On Wednesday, one week before Chinese President Xi Jinping is reportedly scheduled to arrive in Egypt for his first visit to the Middle East, China issued a lengthy explanation of its approach to the region in a document titled “China’s Arab Policy Paper.” The paper briefly traces the history of China-Arab relations, from exchanges via the ancient Silk Road to the founding of the China-Arab State Cooperation Forum in 2004, before outlining China’s plan for expanding cooperation in the future.
Some caveats, first: like China’s 2015 policy paper on Africa, the “Arab Policy Paper” does not lay out specific policies for specific countries (in fact, there’s not a single country named in the paper, besides China). The paper presents a blanket vision for regional relations, without getting in to the complexities of how that vision will be realized in bilateral relationships with individual states. This is a paper about China’s approach to “Arab countries,” not China’s approach to say, Egypt or Saudi Arabia. For China’s purposes, the “Arab countries” are those with membership in the League of Arab States, which serves as the basis of the China-Arab State Cooperation Forum.
Right now, China’s relationship with the Arab world is largely defined by its energy imports — meaning, of course, oil. As the policy paper notes, “Arab countries as a whole have become China’s biggest supplier of crude oil.” The full truth is even more striking: Saudi Arabia alone is China’s largest supplier of oil, and when you factor in Iraq, Kuwait, Oman, and the United Arab Emirates, the Arab world accounts for over 40 percent of China’s total oil imports.
Small wonder, then, that China sees energy cooperation as the major factor in its approach to the region, and that remains unchanged in the policy paper. According to China’s “1+2+3” formula for China-Arab cooperation, energy cooperation will be the “core” of the relationship, with constructing infrastructure and facilitating trade and investment as the “wings” supporting that core. The “3” refers “three breakthroughs” – a wishlist for future cooperation in nuclear energy, new and clean energy, and aerospace (particularly satellites, but including “cooperation on manned spaceflight”). China’s “Belt and Road” initiative will serve as the framework for all of the “1+2+3” cooperation.
Moving on to more general trade issues, China promises to complete negotiations on a free trade agreement with the Gulf Cooperation Council, comprised of Bahrain, Kuwait, Oman, Qatar, Saudi Arabia, and the United Arab Emirates. The policy paper also notes that China supports “the entry of more non-oil products from Arab states into the Chinese market,” addressing a common complaint from China’s natural-resource rich trading partners.
China’s interactions with the Middle East in general are largely limited to the economic sphere right now. The policy paper doesn’t exactly turn that paradigm on its head; the section on “Investment and Trade Cooperation” is over twice as long as the section on “Cooperation in the Field of Peace and Security.” However, there is attention paid to the security realm, an area where China has been noticeably absent in the Middle East.
China’s baseline for security cooperation in the region is so low that promising to “deepen China-Arab military cooperation and exchange” won’t necessarily amount to much, but it is still worth taking note of as part of a larger trend in Chinese military and security outreaches to distant regions. Specifically, China promises to “strengthen exchange of visits of military officials, expand military personnel exchange, deepen cooperation on weapons, equipment and various specialized technologies, and carry out joint military exercises.”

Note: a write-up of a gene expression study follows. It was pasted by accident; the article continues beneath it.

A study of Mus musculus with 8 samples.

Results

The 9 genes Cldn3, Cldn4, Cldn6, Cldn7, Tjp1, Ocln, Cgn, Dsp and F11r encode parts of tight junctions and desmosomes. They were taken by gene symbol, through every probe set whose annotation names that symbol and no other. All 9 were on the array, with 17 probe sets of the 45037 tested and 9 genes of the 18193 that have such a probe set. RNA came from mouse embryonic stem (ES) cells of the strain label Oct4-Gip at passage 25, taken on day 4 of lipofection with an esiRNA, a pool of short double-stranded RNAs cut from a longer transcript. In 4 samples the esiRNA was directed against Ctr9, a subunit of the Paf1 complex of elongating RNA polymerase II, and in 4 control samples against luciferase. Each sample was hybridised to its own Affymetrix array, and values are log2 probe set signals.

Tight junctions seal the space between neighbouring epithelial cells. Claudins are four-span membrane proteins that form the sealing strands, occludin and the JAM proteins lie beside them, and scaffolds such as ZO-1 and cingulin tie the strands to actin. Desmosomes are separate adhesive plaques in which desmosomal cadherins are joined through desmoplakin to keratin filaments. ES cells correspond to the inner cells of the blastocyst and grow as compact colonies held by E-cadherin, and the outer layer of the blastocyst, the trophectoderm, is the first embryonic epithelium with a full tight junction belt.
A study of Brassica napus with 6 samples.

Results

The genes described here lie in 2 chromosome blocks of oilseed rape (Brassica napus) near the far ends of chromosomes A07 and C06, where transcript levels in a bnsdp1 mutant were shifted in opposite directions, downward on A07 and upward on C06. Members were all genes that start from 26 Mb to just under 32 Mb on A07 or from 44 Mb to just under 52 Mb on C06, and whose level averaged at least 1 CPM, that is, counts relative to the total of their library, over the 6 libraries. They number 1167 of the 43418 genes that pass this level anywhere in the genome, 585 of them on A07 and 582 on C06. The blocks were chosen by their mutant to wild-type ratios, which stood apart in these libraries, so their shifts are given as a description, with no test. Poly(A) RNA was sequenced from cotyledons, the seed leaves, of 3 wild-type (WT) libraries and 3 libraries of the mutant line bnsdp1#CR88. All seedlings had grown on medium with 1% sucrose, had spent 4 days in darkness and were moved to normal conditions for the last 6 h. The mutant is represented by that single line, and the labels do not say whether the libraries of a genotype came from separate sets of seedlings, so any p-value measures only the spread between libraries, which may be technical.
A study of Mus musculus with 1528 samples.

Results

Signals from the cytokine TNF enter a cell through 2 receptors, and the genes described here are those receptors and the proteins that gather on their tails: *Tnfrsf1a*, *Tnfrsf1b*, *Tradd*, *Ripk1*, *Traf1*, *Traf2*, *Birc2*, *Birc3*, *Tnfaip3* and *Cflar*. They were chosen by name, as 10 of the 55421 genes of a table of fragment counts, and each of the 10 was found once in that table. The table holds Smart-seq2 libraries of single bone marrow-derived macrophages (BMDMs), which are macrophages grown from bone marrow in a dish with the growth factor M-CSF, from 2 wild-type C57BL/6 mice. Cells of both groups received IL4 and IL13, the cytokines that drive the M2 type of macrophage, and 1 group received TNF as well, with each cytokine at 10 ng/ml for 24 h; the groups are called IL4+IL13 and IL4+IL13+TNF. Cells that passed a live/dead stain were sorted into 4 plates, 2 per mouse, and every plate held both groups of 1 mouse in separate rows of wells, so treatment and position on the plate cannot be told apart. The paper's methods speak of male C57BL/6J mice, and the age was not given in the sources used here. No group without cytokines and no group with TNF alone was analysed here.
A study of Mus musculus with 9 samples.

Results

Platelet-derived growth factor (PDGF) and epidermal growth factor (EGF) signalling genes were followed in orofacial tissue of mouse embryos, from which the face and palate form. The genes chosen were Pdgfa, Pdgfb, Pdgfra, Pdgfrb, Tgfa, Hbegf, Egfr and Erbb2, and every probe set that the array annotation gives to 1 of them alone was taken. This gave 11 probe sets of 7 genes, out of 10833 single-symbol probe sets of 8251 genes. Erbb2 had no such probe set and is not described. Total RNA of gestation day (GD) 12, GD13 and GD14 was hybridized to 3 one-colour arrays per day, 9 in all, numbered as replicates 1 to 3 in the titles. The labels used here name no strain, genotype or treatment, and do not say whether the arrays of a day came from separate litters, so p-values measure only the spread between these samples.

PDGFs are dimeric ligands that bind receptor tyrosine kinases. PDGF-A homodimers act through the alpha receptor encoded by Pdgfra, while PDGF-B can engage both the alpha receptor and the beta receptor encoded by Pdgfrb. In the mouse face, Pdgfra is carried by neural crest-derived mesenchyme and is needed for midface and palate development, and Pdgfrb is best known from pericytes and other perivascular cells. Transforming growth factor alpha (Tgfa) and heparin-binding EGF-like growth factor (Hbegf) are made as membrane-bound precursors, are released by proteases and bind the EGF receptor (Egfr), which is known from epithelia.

Unsurprisingly, much of China’s proposed security cooperation is set in the context of anti-terrorism, which has become a serious concern for Beijing. “China is ready to strengthen anti-terrorism exchanges and cooperation with Arab countries,” the paper says, with some goals being to “establish a long-term security cooperation mechanism, strengthen policy dialogue and intelligence information exchange, and carry out technical cooperation and personnel training.” However, China also notes, as it usually does when the subject of terrorism is brought up, that “counter-terrorism needs comprehensive measures to address both the symptoms and root causes” – meaning economic development along with military measures. Based on China’s existing strategy for fighting global terror, expect more in the way of financial aid and capacity building support for regional militaries than an increased Chinese military presence to fight terror in the Arab world.
Finally, whether purposefully or not, parts of the paper serve to help distinguish China from the United States, which functions as the major security partner for many of the Arab countries. Unlike the United States, which has strong ties to Israel, China declares its full support for “the establishment of an independent state of Palestine with full sovereignty, based on the pre-1967 borders, with East Jerusalem as its capital.” The policy paper also implies that China’s principles of non-interference will keep it from making pesky human rights criticisms, because “China respects choices made by the Arab people, and supports Arab states in exploring their own development paths suited to their national conditions.”
Overall, the paper doesn’t really add much to already noticed trends in China-Middle Easts relations. Perhaps the most striking thing about “China’s Arab Policy Paper” is that it exists in the first place. China has never before issued a paper outlining its approach to the Arab world; doing so now indicates that Beijing sees a growing strategic importance to the region.